The Spy Within

Cheap video doorbells sold by large retailers have major security flaws that allow attackers to remotely retrieve images from their cameras.

Nick Bild
4 months agoSecurity
The Eken Video Doorbell — caveat emptor (📷: Eken)

Internet of Things (IoT) devices do not exactly have a good reputation for implementing appropriate security measures, but some cases are far worse than others. We have all seen the headlines highlighting the vulnerabilities and data breaches that have plagued IoT ecosystems in recent years. These incidents emphasize the broader challenges surrounding IoT security and the need for a more comprehensive approach to mitigating risks in connected environments.

But that does not mean that device manufacturers are all taking these lessons to heart. In one particularly alarming example, Consumer Reports recently called out some cheap video doorbell systems with virtually non-existent security. The devices are sold by brand names that no one has ever heard of, like Eken, Tuck, Fishbot, and Rakeblue. But while they are sold under many — perhaps more than a dozen — names, the devices, including the packaging and companion app, are all identical, indicating that they all originate from the same Chinese manufacturer.

Despite the lack of brand recognition, these devices are sold by the thousands each month through major retailers like Amazon, Walmart, Sears, and Temu (some retailers may have stopped selling the cameras since the exploit was revealed, however). Given that these doorbell cameras sell for under $30 in some cases, and have impressive features and thousands of glowing reviews, that is not entirely surprising.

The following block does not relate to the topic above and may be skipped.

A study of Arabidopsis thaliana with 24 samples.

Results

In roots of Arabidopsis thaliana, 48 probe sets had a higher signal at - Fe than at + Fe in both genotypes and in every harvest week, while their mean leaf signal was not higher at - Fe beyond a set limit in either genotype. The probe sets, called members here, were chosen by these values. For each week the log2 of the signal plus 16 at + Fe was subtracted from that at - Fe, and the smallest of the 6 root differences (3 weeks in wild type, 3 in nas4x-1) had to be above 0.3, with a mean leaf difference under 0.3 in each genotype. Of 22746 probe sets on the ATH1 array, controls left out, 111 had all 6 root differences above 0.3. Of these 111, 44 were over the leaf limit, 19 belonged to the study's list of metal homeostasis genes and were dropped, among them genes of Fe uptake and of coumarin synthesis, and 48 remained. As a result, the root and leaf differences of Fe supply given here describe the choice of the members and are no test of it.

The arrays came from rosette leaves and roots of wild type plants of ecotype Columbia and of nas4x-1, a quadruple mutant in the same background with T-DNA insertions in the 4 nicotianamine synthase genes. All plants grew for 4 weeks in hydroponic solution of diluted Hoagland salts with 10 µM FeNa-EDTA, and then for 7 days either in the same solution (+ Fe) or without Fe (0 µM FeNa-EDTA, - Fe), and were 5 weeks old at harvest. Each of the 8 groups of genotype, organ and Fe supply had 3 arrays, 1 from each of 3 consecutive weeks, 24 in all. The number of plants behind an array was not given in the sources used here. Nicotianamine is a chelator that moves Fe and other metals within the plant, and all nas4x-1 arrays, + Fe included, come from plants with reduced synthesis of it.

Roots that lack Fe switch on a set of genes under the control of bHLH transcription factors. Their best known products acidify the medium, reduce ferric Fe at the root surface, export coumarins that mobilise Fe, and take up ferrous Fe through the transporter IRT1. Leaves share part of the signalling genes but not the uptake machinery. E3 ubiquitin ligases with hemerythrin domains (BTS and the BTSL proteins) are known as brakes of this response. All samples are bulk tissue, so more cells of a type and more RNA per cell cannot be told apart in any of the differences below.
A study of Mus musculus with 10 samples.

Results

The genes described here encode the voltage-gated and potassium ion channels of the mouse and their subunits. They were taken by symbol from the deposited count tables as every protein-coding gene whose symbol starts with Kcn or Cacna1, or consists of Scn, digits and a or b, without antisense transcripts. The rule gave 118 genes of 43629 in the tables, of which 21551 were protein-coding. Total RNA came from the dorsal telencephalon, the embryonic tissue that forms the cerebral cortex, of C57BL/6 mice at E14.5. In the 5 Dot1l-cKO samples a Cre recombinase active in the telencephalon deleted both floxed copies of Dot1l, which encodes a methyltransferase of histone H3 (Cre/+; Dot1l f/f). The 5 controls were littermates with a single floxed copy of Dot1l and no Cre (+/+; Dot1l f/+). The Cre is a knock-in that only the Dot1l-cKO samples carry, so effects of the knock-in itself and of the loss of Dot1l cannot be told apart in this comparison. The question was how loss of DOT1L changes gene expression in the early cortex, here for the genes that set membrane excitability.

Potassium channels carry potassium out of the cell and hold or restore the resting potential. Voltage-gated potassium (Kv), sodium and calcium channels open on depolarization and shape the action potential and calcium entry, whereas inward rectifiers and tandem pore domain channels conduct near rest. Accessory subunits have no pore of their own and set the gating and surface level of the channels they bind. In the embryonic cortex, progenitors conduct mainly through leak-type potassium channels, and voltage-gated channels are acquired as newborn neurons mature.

But when looking beneath the surface, you might find that you get what you pay for when you buy a cheap IoT device. In this particular case, you might not even get that. It was found that these cameras transmit sensitive information over the Internet with no encryption. That includes information like your IP address and WiFi network name — but worst of all, it also transmits unencrypted images captured by its camera.

To take over a camera, an attacker initially needs physical access to the device. By simply pressing a button, the camera is put into a Bluetooth pairing mode, which allows anyone with the companion smartphone app to take ownership. Doing this will cause the original owner to get an email alerting them to the change, which allows them to take ownership back.

However, after taking ownership, if even for a brief time, the attacker will have access to the device’s unique identifier, and that is where things get really bad. With this information, still images can be remotely retrieved from the camera. No password, encryption, or other security measures stand in the way. Furthermore, the owner of the camera will not be notified that this is happening, leaving them completely unaware that they are being spied on.

The companion app, called Aiwit, has been downloaded more than a million times from the Google Play Store, so this appears to be a significant security concern for many individuals. Unfortunately, these concerns may not be addressed any time soon, if ever. As of this writing, Eken had not responded to Consumer Reports’ questions about the device’s lack of security.

Nick Bild
R&D, creativity, and building the next big thing you never knew you wanted are my specialties.